Center Evgeny Kuznetsov will miss the Colorado game after not practicing the past two days because of an upper-body injury, but will travel with the team in hopes he can play against the Coyotes or Golden Knights. Center Lars Eller is expected to take Kuznetsov’s place as the second line center against the Avalanche.
Kuznetsov “keeps making steps in the right direction, so we will keep him in the same program that we have him on now with hopes to get him on the ice as soon as possible,” Capitals Coach Todd Reirden said.
The team has carried seven defensemen the past three games, with Martin Fehervary called up from the team’s American Hockey League affiliate in Hershey, Pa. However, he was not recalled for the road trip. The defensive pairings will revert to what they have been for the majority of the season, with Michal Kempny and John Carlson on the top pairing, Dmitry Orlov and Nick Jensen on the second and Jonas Siegenthaler and Radko Gudas on the third.
Injuries and personnel changes aside, the Capitals are looking to address “fixable errors” that have plagued the team the past two outings. They gave up 12 goals combined in those two games and are 1-4-0 in their past five at home. Team defense has been a problem, and the players have taken responsibility for their lack of execution in the defensive zone.
“I think it’s just mental mistakes and not being simple or not making plays that we can read off easily,” forward T.J. Oshie said. “They are happening all over the ice, which is very uncharacteristic for us, but you know, we’ll get some video and try to clean up. Maybe the forwards can get back for our ‘D’ a little bit better. Maybe our ‘D’ can make different reads. We are kind of hanging our goalies out to dry here.”
Defenseman Nick Jensen said the struggles are a reminder that an erosion of good habits starts slowly and can spiral until “it starts to fall deeper and deeper out of control."
“I just think we can play better as a five-man unit all over the ice,” Reirden said. “I think that mistakes are going to happen. . . . If you are playing in a five-man unit, then when mistakes happen you are able to provide a layer of support.”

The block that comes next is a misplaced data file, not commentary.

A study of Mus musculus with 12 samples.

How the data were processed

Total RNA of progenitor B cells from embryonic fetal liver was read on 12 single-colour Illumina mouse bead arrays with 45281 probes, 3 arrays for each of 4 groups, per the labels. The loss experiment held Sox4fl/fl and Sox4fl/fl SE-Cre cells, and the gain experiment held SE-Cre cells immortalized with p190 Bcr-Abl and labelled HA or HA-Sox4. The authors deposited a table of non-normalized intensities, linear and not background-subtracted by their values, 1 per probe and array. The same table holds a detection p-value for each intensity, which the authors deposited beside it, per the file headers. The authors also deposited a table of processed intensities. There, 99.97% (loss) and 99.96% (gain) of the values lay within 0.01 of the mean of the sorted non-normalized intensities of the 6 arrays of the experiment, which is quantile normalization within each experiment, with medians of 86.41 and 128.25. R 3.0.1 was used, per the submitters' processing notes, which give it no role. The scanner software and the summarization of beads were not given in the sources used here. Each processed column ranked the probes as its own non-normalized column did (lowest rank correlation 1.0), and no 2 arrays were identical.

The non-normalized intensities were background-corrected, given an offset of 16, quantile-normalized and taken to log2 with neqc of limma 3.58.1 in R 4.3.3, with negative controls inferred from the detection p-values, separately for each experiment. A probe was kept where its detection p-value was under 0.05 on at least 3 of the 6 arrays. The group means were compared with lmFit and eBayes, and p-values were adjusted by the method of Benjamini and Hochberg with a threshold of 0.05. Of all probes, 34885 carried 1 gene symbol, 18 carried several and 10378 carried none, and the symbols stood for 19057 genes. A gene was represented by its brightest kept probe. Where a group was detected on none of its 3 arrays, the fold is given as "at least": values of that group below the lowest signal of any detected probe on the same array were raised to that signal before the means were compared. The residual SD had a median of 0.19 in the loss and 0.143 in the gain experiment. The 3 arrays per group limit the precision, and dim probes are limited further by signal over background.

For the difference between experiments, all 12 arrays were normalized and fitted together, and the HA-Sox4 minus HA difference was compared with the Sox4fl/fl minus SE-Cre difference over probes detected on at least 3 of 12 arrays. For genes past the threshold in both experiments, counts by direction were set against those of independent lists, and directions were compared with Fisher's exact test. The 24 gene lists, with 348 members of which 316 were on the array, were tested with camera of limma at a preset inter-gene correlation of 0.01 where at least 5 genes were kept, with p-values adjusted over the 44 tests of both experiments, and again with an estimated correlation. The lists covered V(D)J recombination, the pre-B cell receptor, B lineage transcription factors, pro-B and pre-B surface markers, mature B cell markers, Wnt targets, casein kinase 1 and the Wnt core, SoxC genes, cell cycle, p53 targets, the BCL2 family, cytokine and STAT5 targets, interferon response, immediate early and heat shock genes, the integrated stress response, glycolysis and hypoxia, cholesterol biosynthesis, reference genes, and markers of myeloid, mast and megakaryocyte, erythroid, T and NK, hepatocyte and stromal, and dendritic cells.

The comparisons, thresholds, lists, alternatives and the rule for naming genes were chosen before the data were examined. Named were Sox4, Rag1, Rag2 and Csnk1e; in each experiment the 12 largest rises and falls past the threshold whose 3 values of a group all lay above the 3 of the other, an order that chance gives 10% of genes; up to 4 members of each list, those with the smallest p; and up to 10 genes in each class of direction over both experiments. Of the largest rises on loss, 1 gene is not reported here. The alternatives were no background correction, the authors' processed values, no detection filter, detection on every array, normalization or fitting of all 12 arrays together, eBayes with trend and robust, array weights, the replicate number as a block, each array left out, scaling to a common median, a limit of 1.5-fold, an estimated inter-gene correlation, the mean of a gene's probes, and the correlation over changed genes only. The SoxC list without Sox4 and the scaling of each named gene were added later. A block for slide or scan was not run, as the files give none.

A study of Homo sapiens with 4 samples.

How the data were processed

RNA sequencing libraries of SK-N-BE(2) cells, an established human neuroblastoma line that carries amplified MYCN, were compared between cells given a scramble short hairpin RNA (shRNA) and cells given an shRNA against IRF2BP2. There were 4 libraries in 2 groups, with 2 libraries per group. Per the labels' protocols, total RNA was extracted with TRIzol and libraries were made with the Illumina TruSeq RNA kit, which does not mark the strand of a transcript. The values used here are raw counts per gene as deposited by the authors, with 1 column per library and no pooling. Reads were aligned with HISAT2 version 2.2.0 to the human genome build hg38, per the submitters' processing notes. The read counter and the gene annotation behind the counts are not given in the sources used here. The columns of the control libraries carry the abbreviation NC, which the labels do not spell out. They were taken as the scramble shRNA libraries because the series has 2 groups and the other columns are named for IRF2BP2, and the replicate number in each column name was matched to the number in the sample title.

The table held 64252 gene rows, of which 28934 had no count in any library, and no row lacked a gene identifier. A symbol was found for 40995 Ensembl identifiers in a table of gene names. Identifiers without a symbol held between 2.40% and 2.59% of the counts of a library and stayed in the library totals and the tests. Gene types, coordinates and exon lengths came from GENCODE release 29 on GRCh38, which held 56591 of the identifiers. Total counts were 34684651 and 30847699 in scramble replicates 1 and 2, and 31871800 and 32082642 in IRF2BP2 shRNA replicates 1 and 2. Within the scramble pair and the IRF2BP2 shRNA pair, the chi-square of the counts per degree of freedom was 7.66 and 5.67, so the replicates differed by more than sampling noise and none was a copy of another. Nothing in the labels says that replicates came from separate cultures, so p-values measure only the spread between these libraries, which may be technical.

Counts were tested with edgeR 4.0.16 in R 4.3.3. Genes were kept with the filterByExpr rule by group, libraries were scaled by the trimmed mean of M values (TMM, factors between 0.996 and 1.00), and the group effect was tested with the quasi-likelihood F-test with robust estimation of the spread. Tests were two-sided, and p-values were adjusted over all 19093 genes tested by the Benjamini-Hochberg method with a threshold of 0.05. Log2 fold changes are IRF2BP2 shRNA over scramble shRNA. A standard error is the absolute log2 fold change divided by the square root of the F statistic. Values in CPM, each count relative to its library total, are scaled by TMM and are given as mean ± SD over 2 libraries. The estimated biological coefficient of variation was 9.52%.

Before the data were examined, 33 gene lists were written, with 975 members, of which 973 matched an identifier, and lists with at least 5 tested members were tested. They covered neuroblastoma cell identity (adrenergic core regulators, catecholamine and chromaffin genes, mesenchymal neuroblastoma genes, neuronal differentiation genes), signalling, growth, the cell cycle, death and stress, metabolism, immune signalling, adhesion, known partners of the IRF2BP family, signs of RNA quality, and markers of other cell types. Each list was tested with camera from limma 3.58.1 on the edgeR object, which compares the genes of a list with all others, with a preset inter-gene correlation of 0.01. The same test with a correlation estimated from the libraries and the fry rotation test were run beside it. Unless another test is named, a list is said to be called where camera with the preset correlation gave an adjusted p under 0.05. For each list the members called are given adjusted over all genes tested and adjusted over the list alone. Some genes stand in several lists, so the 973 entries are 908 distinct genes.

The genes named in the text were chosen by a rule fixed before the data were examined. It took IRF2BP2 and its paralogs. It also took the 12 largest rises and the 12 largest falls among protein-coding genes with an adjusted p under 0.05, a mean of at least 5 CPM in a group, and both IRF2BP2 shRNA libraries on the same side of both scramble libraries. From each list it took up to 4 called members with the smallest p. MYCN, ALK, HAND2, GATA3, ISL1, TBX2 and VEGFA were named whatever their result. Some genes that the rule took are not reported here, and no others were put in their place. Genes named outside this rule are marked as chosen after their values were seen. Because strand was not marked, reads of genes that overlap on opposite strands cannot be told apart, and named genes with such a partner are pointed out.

The Capitals hope that getting away after their four-game homestand will help the team rediscover its identity. Washington showed flashes of its physical style late against the New York Islanders on Monday and against the Pittsburgh Penguins a week earlier. Now, the team needs to string it together for an entire game.
Reirden said he expected the team to face some sort of adversity this season.
“It happens,” but in the end, he believes it will only benefit the group, he said. “It’s not going to all of a sudden get better for 60 straight minutes against Colorado. It’s something that is a work in progress, and we will continue to analyze it properly.”
The road has been especially good for Washington this season; is it 20-6-1 away from home with the most road wins in the NHL. The team has executed some of its more thrilling comebacks on the road, including in Vancouver in October and at the Islanders before the all-star break.
“It’s a little easier to keep it simple at the start going into the other team’s barn and trying to go at them a little bit,” Oshie said. “We’ve been on our heels a little bit lately, so I think going on the road might help us.”
Washington has won its past three road games. This season, the Capitals have outscored opponents 100-82 on the road and are tied for second in the NHL in road goals.
“Basically we stick together out there,” captain Alex Ovechkin said. “We spend more time together off the ice, lots of reasons. We just like to be on the road. . . . I don’t think we have struggles at home. I just think we play a little differently at home than on the road.”